Finance Minister Conor Murphy

SDLP MLA Daniel McCrossan

SDLP MLA Daniel McCrossan


The commitment of Stormont’s Finance Minister to education has been called into question after just £39m of a requested £116m was allocated to the department in the June budget monitoring round.

According to SDLP education spokesman Daniel McCrossan, the figure falls well short of what is required, with education having suffered years of cuts, compounded by the effects of Covid-19.

“You have to question whether or not education is a priority for Finance Minister Conor Murphy,” the West Tyrone MLA said.

“The Finance Minister had an opportunity to show that he was committed to helping schools get back on a level footing after an incredibly tough period for staff and pupils alike.

“Even before the coronavirus pandemic, schools were at breaking point and facing difficult decisions as they struggled to make ends meet.

“Over a decade ago, our schools suffered savage cuts, with almost 10% being wiped from their budgets. This deficit has never been restored and it has ensured we have the most underfunded schools on these islands.”

Mr McCrossan said the minister had a chance to show education was being made a priority but had failed to do so.


Covid grant money has been set aside by the Executive to enable the holding of summer schemes, with more than 400 schools committed to take part in July and August, but underlying funding issues remain.

The Executive previously pledged support for recommendations in the Fair Start education report that could cost up to £180million over the next five years.

Ulster University’s Unesco Education Centre earlier this year described the education system as weighed down by red tape, duplication and increasing and unnecessary costs.

A report from Auditor General Kieran Donnelly showed that despite more than £900 million being spent on addressing the educational gap between the haves and have-nots, Northern Ireland was no closer to bridging the divide.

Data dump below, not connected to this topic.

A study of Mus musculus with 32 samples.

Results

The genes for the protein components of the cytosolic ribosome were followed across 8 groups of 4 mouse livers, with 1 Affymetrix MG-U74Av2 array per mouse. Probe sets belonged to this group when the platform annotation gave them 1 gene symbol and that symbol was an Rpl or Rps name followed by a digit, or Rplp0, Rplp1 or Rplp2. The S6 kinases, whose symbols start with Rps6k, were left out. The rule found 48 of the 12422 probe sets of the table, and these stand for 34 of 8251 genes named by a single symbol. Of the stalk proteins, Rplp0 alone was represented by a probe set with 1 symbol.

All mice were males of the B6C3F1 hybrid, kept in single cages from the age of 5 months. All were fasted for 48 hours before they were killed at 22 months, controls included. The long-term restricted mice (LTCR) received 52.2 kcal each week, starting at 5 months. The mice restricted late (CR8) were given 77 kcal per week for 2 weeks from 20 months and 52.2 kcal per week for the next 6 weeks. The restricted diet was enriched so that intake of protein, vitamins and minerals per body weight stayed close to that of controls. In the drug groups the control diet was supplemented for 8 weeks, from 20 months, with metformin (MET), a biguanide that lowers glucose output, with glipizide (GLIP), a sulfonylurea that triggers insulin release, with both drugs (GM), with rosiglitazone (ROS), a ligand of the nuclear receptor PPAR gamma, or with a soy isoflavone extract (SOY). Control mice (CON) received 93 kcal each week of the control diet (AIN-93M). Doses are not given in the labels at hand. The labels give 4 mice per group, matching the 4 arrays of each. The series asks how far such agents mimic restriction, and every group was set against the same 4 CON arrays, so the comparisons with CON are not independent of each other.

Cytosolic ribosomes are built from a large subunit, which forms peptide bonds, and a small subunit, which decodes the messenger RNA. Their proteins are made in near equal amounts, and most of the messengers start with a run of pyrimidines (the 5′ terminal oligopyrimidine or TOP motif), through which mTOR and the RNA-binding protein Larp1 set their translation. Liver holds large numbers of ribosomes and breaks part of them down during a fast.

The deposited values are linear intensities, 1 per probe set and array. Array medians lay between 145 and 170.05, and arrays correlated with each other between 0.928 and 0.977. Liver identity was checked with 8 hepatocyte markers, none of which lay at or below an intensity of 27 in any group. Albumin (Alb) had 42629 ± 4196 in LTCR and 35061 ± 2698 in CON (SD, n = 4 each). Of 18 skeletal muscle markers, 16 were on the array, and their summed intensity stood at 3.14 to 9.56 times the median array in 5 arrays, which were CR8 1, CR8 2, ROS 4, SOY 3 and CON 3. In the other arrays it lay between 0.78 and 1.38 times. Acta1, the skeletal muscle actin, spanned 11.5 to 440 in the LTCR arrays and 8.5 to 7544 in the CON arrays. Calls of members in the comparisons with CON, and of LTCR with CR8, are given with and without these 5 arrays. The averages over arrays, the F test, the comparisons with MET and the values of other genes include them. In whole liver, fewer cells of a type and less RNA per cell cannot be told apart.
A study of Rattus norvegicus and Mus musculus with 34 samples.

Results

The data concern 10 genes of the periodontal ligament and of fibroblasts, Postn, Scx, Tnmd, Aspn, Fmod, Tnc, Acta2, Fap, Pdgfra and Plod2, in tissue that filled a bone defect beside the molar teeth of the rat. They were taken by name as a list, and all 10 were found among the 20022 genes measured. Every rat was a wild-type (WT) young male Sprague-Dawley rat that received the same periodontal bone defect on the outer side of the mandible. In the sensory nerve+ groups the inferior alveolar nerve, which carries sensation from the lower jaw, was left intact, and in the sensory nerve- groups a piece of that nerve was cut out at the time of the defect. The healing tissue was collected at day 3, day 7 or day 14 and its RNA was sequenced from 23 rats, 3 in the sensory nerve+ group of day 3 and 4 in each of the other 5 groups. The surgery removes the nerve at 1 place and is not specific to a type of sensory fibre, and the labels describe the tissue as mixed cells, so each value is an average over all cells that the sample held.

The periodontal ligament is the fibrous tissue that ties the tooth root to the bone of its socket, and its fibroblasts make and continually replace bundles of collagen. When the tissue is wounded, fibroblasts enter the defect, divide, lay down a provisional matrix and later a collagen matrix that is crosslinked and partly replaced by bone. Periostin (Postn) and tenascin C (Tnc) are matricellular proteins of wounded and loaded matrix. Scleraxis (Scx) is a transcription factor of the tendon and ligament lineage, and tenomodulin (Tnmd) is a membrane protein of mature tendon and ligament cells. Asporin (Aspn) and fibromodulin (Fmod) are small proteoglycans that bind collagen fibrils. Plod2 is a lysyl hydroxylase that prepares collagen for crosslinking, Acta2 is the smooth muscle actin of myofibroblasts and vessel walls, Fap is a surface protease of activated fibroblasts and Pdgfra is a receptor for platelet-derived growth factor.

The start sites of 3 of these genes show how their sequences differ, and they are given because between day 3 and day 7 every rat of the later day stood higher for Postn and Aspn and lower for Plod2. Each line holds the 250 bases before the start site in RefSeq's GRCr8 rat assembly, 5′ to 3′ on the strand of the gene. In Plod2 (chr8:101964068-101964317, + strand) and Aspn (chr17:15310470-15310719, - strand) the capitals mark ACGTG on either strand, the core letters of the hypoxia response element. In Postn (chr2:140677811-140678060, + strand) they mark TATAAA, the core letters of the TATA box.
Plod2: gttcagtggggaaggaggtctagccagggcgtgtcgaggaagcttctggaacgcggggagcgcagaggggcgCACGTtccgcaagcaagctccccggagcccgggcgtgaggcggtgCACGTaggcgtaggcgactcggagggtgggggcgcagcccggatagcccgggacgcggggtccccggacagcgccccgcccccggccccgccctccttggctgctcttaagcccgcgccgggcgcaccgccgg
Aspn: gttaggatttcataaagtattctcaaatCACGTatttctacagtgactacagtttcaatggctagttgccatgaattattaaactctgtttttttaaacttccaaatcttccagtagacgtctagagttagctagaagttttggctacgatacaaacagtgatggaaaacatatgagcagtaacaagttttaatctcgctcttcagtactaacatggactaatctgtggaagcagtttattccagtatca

A slight increase in funding for grant-aided schools was reported in April, with the overall figure handed out to keep the education system running amounting to almost £1.4billion.

But that figure came with a warning from Dr Graham Gault, president of the National Head Teachers’ Association in Northern Ireland.

“That can be welcomed, but it is many millions of pounds short of what is needed,” he said.

“A decade of withdrawing hundreds of millions of pounds from frontline education has created huge deficit positions for many schools which just get larger with each financial year.

“Aside from cumulative deficits from which most schools can never escape, the annual budgets allocated to schools are, in most cases, not enough to meet the basic spending needs of keeping a school open.

“Of current spending, between 90% and 97% is allocated to basic staffing provision alone.

“It doesn’t take much working out to imagine what is left for the resourcing of children’s learning and development after the essential costs are met.”

The Department of Finance said: “The 2021/22 Budget prioritised funding for children and young people, recognising the huge impact Covid has had on their wellbeing, with education receiving the second largest departmental allocation of £2.5 billion.

"In addition, education received the second highest allocation as part of June monitoring after health. All allocations were agreed collectively by all Executive ministers.”